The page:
The world’s first fully electric commercial aircraft has taken to the skies

The ‘electric aviation age’ has been ushered in with the inaugural test flight of world’s first fully electric commercial aircraft, taking off on the morning of 11 December 2019 from the Canadian city of Vancouver and flying for 15 minutes.

The e-plane is a collaboration between Seattle engineering firm, magniX, that designed the plane’s motor, and Vancouver charter company Harbour Air, North America’s largest seaplane airline which offers air taxi services for half a million people a year between Seattle, Vancouver, Whistler ski resort and nearby islands and coastal communities.

“Today, we made history,” says Greg McDougall, CEO and founder of Harbour Air Seaplanes. “I am incredibly proud of Harbour Air’s leadership role in re-defining safety and innovation in the aviation and seaplane industry. Canada has long held an iconic role in the history of aviation, and to be part of this incredible world-first milestone is something we can all be really proud of.”

Roei Ganzarski, CEO of magniX, adds that the technology would mean significant cost savings for airlines and zero emissions: “The transportation industry and specifically the aviation segment – that has been, for the most part, stagnant since the late 1930s – is ripe for a massive disruption. Now we are proving that low-cost, environmentally friendly, commercial electric air travel can be a reality in the very near future.

“The partnership [between magniX and Harbour Air] is a natural fit for both companies located in the Cascadia corridor — there is already a large volume of travel in and around Seattle and Vancouver, so being able to enable travel at lower operating costs and reducing the environmental impact locally makes sense.

“This signifies the start of the electric aviation age and proves that commercial aviation in all-electric form can work.”

The aeroplane is a six-passenger vintage 1957 de Havilland Canada DHC-2 Beaver which has been retrofitted with magniX’s Magni500 750hp (560kW) propulsion system. Ganzarski claims this is the largest and only motor in its power class and, except of the 260kW motor that Siemens flew on a race plane, it is the only electric motor to have powered and flown a commercial aircraft. McDougall piloted the e-plane along the Fraser River near Vancouver international airport: “For me that flight was just like flying a Beaver, but it was a Beaver on electric steroids. I actually had to back off on the power,” he says.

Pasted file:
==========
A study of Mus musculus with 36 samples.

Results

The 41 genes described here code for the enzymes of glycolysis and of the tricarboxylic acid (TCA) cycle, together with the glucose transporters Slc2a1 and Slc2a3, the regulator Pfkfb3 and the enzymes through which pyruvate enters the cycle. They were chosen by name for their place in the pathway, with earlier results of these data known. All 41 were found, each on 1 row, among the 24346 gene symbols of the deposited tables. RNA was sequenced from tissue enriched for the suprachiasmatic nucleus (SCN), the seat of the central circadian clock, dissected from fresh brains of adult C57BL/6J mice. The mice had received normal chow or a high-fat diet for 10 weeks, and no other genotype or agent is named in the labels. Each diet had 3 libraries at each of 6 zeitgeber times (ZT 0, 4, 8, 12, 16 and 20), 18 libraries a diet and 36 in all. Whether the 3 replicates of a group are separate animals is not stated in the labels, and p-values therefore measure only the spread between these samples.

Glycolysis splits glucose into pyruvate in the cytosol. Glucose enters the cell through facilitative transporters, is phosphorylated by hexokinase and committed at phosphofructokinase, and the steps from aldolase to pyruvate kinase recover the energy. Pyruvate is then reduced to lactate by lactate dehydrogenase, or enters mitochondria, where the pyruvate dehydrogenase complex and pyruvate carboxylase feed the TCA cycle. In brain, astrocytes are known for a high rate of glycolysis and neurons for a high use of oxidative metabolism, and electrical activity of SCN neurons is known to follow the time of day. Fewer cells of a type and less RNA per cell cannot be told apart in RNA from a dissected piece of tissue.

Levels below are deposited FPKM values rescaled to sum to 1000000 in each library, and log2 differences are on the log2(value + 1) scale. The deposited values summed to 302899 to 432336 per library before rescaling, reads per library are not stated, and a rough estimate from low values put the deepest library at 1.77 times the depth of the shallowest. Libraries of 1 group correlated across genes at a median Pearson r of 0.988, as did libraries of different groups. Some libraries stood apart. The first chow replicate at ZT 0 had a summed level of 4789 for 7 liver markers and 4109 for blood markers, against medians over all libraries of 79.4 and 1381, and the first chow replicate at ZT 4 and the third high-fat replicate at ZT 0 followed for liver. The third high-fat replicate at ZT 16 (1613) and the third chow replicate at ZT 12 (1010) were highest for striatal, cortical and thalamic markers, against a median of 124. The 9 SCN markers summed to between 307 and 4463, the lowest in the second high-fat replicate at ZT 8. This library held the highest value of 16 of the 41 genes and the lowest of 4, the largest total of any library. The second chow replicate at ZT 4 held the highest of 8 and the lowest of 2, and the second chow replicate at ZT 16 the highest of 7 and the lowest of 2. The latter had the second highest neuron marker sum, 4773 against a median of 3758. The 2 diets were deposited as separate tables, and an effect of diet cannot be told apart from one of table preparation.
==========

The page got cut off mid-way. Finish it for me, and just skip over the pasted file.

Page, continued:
“Our goal is to actually electrify the entire fleet,” adds McDougall.

Electric planes have so far proved to be far bigger engineering challenges than other electric vehicles like cars and trains, because the amount of power an electric plane needs for take-off and to sustain flight requires large batteries and motors that can make them difficult to fly.

Dozens of companies and startups around the world are pursuing battery-electric and hybrid prototypes. But current batteries are too heavy and too expensive. Energy density — the amount of energy stored in a given system — is the key metric, and today’s batteries don’t contain enough energy to get most planes off the ground. For comparison: jet fuel gives about 43 times more energy than a battery that’s just as heavy.

“Power to weight ratio is critical in aviation,” explains Ganzarski. “It has to have enough power to lift the aircraft while not doing so with added weight compared to regular internal combustion engines.”

This had to be achieved with the reliability and redundancy expected from aerospace grade propulsion systems. For example, the magni500 has four separately controlled and monitored 3-phase sections. “If there is a fault or failure during flight, we can detect in which section it is occurring, shut it down, and maintain 75% power and so provide the pilot with ‘graceful degradation’; vs an all-or-nothing that the internal combustion engine provides,” says Ganzarski.

Maintaining a steady temperature for steady performance is also crucial. A proprietary liquid cooling system is used to achieve this.

The biggest challenge when designing the magni500 was that all of the above had to be achieved with a motor that could develop full torque and power turning at only 1900rpm.

“Traditional engines turn at very high speeds to create their power (10,000-20,000rpm),” Ganzarski explains. “Typically, a heavy, maintenance prone reduction gearbox would have to be installed. With our motor turning at 1900rpm, we are able to connect to the propeller directly without any gearbox, meaning much less weight.”

The Beaver is claimed to be able to fly up to 100 miles before having to be recharged so, like early electric cars, it precludes people who need to go longer distances.

“The range now is not where we’d love it to be, but it’s enough to start the revolution,” says Ganzarski, who predicts batteries and electric motors will eventually be developed to power longer flights.

While the world waits, he said cheaper short-haul flights powered by electricity could transform the way people connect and where they work: “If people are willing to drive an hour to work, why not fly 15 minutes to work?”

On top of fuel efficiency, the company would save millions in maintenance costs because electric motors require “drastically” less upkeep, McDougall says.

However, Harbour Air will have to wait at least two years before it can begin electrifying its fleet of more than 40 seaplanes.

The e-plane has to be tested further to confirm it is reliable and safe. In addition, the Magni500 electric powertrain must be approved and certified by regulators.

Advances in electric air flight are expected to eventually solve range limitations. For example, a non-commercial electric plane, Solar Impulse 2, completed a round-the-world trip between 2015 and 2016.